I have been mistreated. I don’t think anyone would deny that. As a child, I was treated poorly because I didn’t have a choice. I was trapped. I could not escape. As a young adult, I was mistreated because I had been taught I was worthless, so I didn’t know how to kick nasty people out of my life. I kept trying to make them happy like I did in childhood. Now I know better. I don’t allow mistreatment any longer. Even my 9-year-old children know I have boundaries and sort of respect them most of the time.
But there is another side to this story. As a survivor of complex trauma, it is easy to focus on all the ways I have been victimized. It is easy to feel like an innocent player in this game of dysfunction. But the reality is different. It is true that as a child, I had no part in it. But as an adult, I was a survivor. And survivor means survival. It means my main goal as a child was to stay alive. And as an adult, the main goal didn’t change.
I put all of my energy in to my survival. Granted, it was mainly my inner parts. And with my recent discovery of my dissociative identity disorder, I am aware I didn’t always have control over what they did. That being said, my actions were motivated by one goal … to stay alive. So what did that look like?
I didn’t have time for friendship. Don’t get me wrong. I had friends. But I would never contact them. If they didn’t reach out to me, the friendship would just fade away. My closest friends were people I interacted with for business or other obligations because in those cases, I felt like I was doing something productive. Having a conversation about life, children or personal stuff never made the priority list until recently. And to be fair, this is a work in progress.
I was mean. It wasn’t just about time. It was about my defenses. In a way, I didn’t want people around because I never knew when I would explode. If my inner defender was triggered in some way, that poor person was going down. If my defender was triggered, the situation was life or death, and others’ feelings were not considered.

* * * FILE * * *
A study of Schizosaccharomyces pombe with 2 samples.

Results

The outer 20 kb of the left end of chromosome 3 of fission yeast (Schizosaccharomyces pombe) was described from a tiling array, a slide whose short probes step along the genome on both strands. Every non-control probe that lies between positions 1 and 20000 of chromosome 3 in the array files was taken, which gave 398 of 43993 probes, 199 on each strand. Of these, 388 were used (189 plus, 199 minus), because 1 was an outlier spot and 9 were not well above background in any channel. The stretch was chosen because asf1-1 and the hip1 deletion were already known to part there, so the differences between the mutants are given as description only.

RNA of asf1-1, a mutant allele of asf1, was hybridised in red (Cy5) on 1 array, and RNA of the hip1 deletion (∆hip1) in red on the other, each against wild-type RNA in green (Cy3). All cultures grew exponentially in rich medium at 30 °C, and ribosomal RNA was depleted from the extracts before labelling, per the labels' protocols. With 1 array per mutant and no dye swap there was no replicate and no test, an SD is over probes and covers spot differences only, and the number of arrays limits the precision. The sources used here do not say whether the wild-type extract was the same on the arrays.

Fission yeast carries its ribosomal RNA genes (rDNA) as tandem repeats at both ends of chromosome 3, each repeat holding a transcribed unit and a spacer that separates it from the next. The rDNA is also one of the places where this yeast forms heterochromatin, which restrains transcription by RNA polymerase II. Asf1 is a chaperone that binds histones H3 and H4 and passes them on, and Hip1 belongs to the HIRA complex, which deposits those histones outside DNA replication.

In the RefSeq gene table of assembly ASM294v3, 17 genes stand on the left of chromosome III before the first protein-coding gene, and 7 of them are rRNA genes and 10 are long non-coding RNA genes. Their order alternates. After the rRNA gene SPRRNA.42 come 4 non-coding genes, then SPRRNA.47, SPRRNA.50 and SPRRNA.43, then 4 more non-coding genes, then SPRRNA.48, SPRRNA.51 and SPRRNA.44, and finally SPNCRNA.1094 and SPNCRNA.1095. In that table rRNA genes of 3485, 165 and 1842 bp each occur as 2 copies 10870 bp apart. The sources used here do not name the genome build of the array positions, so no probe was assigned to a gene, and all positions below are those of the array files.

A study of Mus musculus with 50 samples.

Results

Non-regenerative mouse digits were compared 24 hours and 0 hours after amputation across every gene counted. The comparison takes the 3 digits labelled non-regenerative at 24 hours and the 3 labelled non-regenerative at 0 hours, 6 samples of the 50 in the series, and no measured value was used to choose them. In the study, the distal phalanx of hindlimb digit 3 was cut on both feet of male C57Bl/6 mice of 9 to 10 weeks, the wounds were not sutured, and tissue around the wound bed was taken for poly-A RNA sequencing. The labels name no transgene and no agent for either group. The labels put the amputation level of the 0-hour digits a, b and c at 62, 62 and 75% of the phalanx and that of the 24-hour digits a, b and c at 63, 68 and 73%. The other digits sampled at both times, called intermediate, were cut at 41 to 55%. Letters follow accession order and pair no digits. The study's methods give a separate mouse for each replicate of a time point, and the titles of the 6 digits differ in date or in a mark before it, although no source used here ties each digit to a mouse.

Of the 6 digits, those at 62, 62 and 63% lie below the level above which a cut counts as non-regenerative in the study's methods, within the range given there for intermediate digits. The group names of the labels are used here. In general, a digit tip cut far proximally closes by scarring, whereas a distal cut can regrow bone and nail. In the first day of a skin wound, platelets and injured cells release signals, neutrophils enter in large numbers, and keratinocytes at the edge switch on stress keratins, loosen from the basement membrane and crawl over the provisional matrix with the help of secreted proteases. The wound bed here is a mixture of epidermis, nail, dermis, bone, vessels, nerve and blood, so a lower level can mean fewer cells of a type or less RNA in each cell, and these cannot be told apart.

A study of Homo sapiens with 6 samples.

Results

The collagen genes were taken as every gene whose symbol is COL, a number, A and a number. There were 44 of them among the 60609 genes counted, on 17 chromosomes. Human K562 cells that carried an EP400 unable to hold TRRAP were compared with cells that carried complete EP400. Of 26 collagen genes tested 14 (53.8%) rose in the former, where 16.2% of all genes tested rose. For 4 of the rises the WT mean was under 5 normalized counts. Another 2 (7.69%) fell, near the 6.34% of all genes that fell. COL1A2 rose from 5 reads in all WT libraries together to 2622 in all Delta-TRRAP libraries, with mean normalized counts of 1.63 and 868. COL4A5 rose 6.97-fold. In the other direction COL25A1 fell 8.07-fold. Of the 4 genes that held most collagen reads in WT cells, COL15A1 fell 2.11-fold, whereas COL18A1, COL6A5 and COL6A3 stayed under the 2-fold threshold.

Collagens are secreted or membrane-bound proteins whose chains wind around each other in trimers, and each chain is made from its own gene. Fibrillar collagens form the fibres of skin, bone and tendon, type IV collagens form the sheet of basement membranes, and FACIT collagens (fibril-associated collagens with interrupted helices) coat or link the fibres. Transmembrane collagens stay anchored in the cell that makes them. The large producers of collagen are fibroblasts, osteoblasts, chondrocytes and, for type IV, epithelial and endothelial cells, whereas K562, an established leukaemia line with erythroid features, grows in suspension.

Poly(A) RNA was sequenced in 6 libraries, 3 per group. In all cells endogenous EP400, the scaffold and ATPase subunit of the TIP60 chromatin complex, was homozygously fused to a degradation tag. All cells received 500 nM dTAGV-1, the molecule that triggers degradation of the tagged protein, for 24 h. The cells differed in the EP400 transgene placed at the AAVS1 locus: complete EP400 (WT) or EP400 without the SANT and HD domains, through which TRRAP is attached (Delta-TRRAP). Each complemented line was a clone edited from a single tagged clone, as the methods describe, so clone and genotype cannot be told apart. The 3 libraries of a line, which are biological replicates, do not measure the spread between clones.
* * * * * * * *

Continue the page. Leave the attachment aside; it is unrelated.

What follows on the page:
I said what I believed the other person wanted to hear. This has always been my strategy. Learn the person as quickly as possible. What do they like? What do they want from me? What makes them mad? And do everything I can to keep them happy. This leads to all sorts of inconsistency and to be honest, lying. I was accused of being fake on multiple occasions, but safety came first.
I did not prioritize fun activities in my life. I found no joy is hanging out with others. Of course, since I was always trying to meet their needs, that makes sense. There is no fun in that. I was always looking to do the next productive thing, the next thing that would take me to the next destination I needed to be. The phrase “Life is a Journey” was a joke to me. I didn’t have time for any journey. I had to get stuff done. I had to stay safe. I had to check things off the list to make sure there was no more mistreatment. If it didn’t meet those needs, it wasn’t on my list.
My priorities in life made sense considering my past, but unfortunately, they were messed up. And it led to very little positive interaction with others. The only people who responded well to my excessive people-pleasing were people who wanted to take advantage of it. And that is how life went for me until I started building awareness and shifting priorities.
Doing what it takes to survive doesn’t have to be a way of living. It has been possible to make changes in the way I view life. But it has required a brave honesty about how I have interacted with others. I have to balance my own history of childhood victimization with how that history has affected my part in adult relationships. I have to balance my undeserved self-blame with taking responsibility for my life. I have to accept that in my adult life, people treated me in accordance with what I allowed at the time. And I have to accept that inner and outer change is possible.
Actually, it is empowering to know that I can make change happen. Otherwise, it feels completely hopeless.
So I keep moving through my own recovery. I keep allowing more and more truth to shine through. Some truth is about how I was mistreated. Some truth is about how I was mistreating others. But I have to become who I was meant to be . I have to let go of those old patterns and the shame that comes with them. It is not these interactions that showed my true character. It is this path of recovery and my willingness to change that shows my true self. And there is no shame in that.